From: Vincent Poy (vince_at_pele.WURLDLINK.NET)
Date: Mon Mar 27 2000 - 13:23:16 EST
On Mon, 27 Mar 2000, Michael Geary wrote:
> > >System Resources is usually where the problem lies since I never run
> > >out of physical ram, only about 50% of the 320MB on the 770Z and 384MB
> > >on my desktop is ever used, it's the system resources that are always
> > >low and nothing else can open afterwards.
> 320Mb RAM and you're running Windows 9x? Put Windows 2000 on that thing and
> you'll be at least twice as happy, probably more.
I would if Microsoft would run all the apps that I had... That's
> > > None of these programs will free up "System Resources", just memory
> > > (though some claim to!).
> > Alas, I do not believe there is anything one can do to reclaim those
> > resources under W9x; the way memory is reclaimed by the programs
> > already mentioned exploits a trick in Windows memory management that
> > doesn't have a counterpart for system resources. Perhaps W2K is
> > better in this regard.
> Windows 2000 doesn't have "System Resources". "System Resources" is a polite
> name for some 64Kb data areas that the USER and GDI modules in Windows use
> to keep data for organizing and drawing the windows on the screen. These
> areas have 64Kb limits because of the 16-bit code in those parts of Windows
> 95/98. Some of this code dates back to Windows 1.0. Remember the 286?
That's true... I wonder why Win9x never increased the System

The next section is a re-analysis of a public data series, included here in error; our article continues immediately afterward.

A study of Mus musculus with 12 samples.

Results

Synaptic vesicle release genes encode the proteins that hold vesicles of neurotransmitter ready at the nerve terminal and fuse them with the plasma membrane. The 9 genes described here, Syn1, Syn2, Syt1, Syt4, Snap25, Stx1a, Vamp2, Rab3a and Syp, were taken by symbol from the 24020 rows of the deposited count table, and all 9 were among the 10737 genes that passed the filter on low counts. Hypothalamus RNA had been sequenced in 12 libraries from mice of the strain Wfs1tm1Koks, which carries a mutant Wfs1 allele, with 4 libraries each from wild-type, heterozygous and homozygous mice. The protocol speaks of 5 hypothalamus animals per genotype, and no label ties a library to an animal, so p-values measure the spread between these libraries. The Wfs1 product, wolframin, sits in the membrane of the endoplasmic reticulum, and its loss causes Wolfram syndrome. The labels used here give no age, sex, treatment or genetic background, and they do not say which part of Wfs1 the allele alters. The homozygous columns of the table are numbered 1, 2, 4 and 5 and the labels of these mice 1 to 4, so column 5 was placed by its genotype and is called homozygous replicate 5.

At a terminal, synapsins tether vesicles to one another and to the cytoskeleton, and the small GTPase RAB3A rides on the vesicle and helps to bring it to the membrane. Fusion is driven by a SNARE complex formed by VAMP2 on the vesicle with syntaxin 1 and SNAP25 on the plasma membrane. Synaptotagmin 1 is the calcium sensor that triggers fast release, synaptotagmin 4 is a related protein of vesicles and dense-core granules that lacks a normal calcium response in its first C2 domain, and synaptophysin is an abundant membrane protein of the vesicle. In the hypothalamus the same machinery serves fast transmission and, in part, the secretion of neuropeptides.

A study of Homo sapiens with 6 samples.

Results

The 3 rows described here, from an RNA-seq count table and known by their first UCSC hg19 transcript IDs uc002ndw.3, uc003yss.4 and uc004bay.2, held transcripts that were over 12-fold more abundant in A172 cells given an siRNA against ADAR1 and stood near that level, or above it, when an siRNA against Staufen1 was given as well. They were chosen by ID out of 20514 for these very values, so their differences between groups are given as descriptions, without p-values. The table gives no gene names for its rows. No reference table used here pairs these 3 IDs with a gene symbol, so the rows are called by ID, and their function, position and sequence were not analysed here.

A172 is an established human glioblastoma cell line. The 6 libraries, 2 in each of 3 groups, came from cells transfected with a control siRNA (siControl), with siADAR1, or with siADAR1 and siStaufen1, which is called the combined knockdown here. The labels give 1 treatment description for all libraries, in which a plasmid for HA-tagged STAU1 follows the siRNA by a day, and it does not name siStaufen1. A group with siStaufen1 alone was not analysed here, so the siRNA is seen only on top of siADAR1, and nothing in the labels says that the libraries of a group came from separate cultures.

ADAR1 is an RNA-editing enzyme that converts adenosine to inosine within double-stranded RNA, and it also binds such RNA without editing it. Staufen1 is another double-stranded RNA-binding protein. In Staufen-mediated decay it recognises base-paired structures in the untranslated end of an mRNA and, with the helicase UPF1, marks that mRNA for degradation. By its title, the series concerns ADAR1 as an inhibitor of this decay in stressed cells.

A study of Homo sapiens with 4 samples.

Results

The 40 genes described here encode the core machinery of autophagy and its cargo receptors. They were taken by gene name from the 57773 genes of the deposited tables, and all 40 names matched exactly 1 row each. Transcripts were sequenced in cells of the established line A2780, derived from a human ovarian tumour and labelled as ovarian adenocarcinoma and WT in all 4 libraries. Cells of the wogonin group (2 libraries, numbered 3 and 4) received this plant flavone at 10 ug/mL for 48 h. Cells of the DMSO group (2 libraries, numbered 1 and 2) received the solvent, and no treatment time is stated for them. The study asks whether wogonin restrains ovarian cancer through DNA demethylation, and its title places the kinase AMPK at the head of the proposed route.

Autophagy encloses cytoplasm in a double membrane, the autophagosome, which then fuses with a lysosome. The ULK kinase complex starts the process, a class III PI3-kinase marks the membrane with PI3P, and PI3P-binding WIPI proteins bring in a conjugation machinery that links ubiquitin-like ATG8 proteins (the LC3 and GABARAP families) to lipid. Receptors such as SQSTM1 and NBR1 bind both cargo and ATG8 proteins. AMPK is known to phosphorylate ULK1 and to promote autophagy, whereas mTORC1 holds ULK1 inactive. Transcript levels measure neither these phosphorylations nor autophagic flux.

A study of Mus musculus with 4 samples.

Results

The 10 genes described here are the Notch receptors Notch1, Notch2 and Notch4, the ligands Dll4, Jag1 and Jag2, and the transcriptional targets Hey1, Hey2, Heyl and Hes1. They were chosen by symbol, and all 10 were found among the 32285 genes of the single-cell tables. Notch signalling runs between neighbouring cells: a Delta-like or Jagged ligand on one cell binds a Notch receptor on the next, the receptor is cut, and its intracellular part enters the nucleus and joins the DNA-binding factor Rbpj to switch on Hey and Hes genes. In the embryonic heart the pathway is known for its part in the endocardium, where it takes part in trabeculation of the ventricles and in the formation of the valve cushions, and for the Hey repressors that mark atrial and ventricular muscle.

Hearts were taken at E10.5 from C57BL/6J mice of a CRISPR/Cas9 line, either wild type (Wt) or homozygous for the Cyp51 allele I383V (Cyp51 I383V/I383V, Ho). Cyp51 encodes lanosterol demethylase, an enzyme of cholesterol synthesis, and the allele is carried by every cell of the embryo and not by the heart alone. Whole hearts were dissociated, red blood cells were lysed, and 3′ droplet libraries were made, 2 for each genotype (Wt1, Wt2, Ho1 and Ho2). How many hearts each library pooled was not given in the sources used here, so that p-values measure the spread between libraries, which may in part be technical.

Resources limit or made it variable depending on how much physical memory
you had since a 286 only can handle about 1 meg of RAM while machines
these days can handle up to 4 gig.
> Windows 2000 is NT, and NT has never had these 64Kb limits, because the USER
> and GDI code is all 32-bit.
> BTW, it *is* possible to magically provide more "System Resources" in
> Windows 9x. Connectix once sold a product I worked on called Agent 95 that
> did just that (among other things). Windows 3.x had even worse limits (same
> 16-bit, 64Kb architecture as Windows 9x, but they were cramming even more
> things into each of those 64Kb chunks), and Agent 95's predecessor, RAM
> Doubler, was quite popular at one time because it increased those limits
> (but didn't remove them completely).
The thing is during the Windows 3.0 days, there weren't many Win
apps so most of the stuff was still DOS based. Even in Windows/286 and
Windows/386 v2.0, there weren't any Windows apps except for a few and
mostly DOS apps. That was the reason people ran DesqView. Does something
like Agent 95, RAM Doubler still exist? I know SoftRAM was a Hoax but I
thought all the ones you mentioned were really supposed to be just virtual
memory products and not resource limit hacks.
> The real solution isn't to put some hack on top of another hack which was
> built on a 16-bit hack to begin with, but to just get yourself a proper
> 32-bit operating system to begin with. Windows 2000 runs real nice on
> ThinkPads. (And you can even run Linux and Windows 9x at the same time using
I'm sure it runs nice except I wish it was backwards compatible
with a lot of my software since I have software that dates back to the
late 1980's. I don't run Linux but rather FreeBSD since I ran Linux back
in 1993 before and FreeBSD is just more rock solid and stable. Linux
isn't bad but the networking code is still borrowed from BSD.